Bicycle HistoryMotorised Bicycles

Motorised Bicycles

The 1950s represented an era of extensive spread of motorised bicycles in Estonia. In Western Europe these vehicles had reached golden era a little earlier – immediately after the war – and began to lose popularity by the second half of the 1950s (beginning of mass production of D-engine here).

Despite small engines, suitable for mounting on bicycles were to certain extent available in Estonia already in the 1920s-30s (ILO F60 mounted on mid-frame or rack, ÖWA made in one piece with front wheel hub, and other models), they were put to greater use only in the 1950s.

In the early 1950s, Soviet Union imported several batches of East-German MAW-engines (copies of pre-war Victoria engine), which were attached to the fork next to the rear wheel. They reached also to Estonia which were in these times annexed by the Soviet Union.. At that time, the Soviet manufactories made Irtysh-engines (copies of pre-war German ILO F48), mounted beneath the frame, which drove the rear wheel with rubber roll affecting the tire. However, due to muddy roads, such drive system was rather inefficient here in Estonia (and probably in all Soviet Union) and worked only in perfectly dry weather, especially in rural areas (with a lot of unpaved roads).

In 1957, Leningrad factory started mass production of D4-engines, attached to the frame. This engine type became highly popular in a short while – due to both successful structure and mass production volume. When mounted on the frame of an ordinary bicycle, this engine shook the rider a lot, due to lack of suspension and narrow tyres, and thus such bikes quickly became popularly known  here as leg’s shaker (in Estonian - sääreväristaja), which remained a general name for vehicles with D-engine until the 1980s-90s (until the end of the Soviet period).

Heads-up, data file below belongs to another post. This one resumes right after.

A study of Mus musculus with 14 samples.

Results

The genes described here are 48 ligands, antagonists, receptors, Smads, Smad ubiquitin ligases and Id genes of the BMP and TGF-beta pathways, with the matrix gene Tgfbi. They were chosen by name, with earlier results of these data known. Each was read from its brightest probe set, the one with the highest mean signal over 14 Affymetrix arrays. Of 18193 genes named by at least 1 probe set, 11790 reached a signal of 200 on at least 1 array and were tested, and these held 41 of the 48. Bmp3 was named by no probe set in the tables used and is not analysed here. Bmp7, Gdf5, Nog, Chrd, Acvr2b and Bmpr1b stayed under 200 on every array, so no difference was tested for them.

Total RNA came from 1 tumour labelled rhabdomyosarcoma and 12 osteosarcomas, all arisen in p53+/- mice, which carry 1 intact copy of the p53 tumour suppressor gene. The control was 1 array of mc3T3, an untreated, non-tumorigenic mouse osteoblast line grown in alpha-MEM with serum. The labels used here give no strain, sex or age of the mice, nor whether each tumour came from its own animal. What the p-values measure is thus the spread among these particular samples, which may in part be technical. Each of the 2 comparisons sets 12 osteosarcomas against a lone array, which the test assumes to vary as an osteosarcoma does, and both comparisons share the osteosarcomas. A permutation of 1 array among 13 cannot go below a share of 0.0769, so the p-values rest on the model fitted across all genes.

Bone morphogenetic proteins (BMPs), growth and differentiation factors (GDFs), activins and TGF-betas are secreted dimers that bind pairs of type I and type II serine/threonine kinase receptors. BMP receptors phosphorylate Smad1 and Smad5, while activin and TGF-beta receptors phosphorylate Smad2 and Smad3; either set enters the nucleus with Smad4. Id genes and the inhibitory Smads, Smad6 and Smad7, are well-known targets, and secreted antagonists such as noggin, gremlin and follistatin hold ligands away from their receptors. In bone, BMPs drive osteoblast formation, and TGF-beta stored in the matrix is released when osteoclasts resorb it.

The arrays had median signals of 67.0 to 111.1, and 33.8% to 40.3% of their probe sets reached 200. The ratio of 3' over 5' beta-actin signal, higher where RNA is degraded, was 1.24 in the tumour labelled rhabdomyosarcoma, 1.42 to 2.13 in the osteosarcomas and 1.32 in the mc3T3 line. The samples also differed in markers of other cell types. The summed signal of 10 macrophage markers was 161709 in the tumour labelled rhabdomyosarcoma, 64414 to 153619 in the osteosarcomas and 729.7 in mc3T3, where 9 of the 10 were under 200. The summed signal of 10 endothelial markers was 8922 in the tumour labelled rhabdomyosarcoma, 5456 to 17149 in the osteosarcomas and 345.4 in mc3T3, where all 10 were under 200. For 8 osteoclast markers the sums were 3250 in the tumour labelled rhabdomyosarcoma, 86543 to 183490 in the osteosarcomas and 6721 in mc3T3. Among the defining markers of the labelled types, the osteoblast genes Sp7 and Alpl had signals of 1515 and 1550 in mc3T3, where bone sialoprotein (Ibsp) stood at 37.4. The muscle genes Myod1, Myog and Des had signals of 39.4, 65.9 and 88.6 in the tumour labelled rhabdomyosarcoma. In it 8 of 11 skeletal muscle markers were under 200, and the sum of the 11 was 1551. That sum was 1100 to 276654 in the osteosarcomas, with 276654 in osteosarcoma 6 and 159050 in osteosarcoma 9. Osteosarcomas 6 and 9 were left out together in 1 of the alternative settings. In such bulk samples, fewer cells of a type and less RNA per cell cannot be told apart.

The first D4 engines were intended for regular bikes, but in the late 1950s, the same engines were mounted on slightly reinforced bicycle frame in the factory, and sold as readily assembled vehicles. The bicycles with 28" wheels were substituted by bikes with 26" wheels and wider tyres, front fork gained suspension (up or down, depending on models), frame became lower, etc.  Such models B-901 and B-902 were commonly made in various Soviet factories in the turn of the 1950s-60s. In Riga factory, a predecessor of such model was made, Riga-18 (which actually consisted in Riga-16 with D4 engine and a few differences in the frame). Mass production of special motorised bicycle Gauja (with suitable structure and successful streamlined design) started in the early 1960s. In 1961, mass production of Gaujas ended the manufacture of traditional bicycles in Riga factory – in the planned economy driven Soviet Union it was decided that Latvia with much more advanced and Western history should only focus on more complex products, and that regular bikes can also be made in other factories in the Soviet Union.

At the late 1960s, the "leg’s shakers" had even thicker wheels and stronger frames, thus looking more like mopeds than bicycles – thus this period can be considered the end of the era of power-assisted bicycles.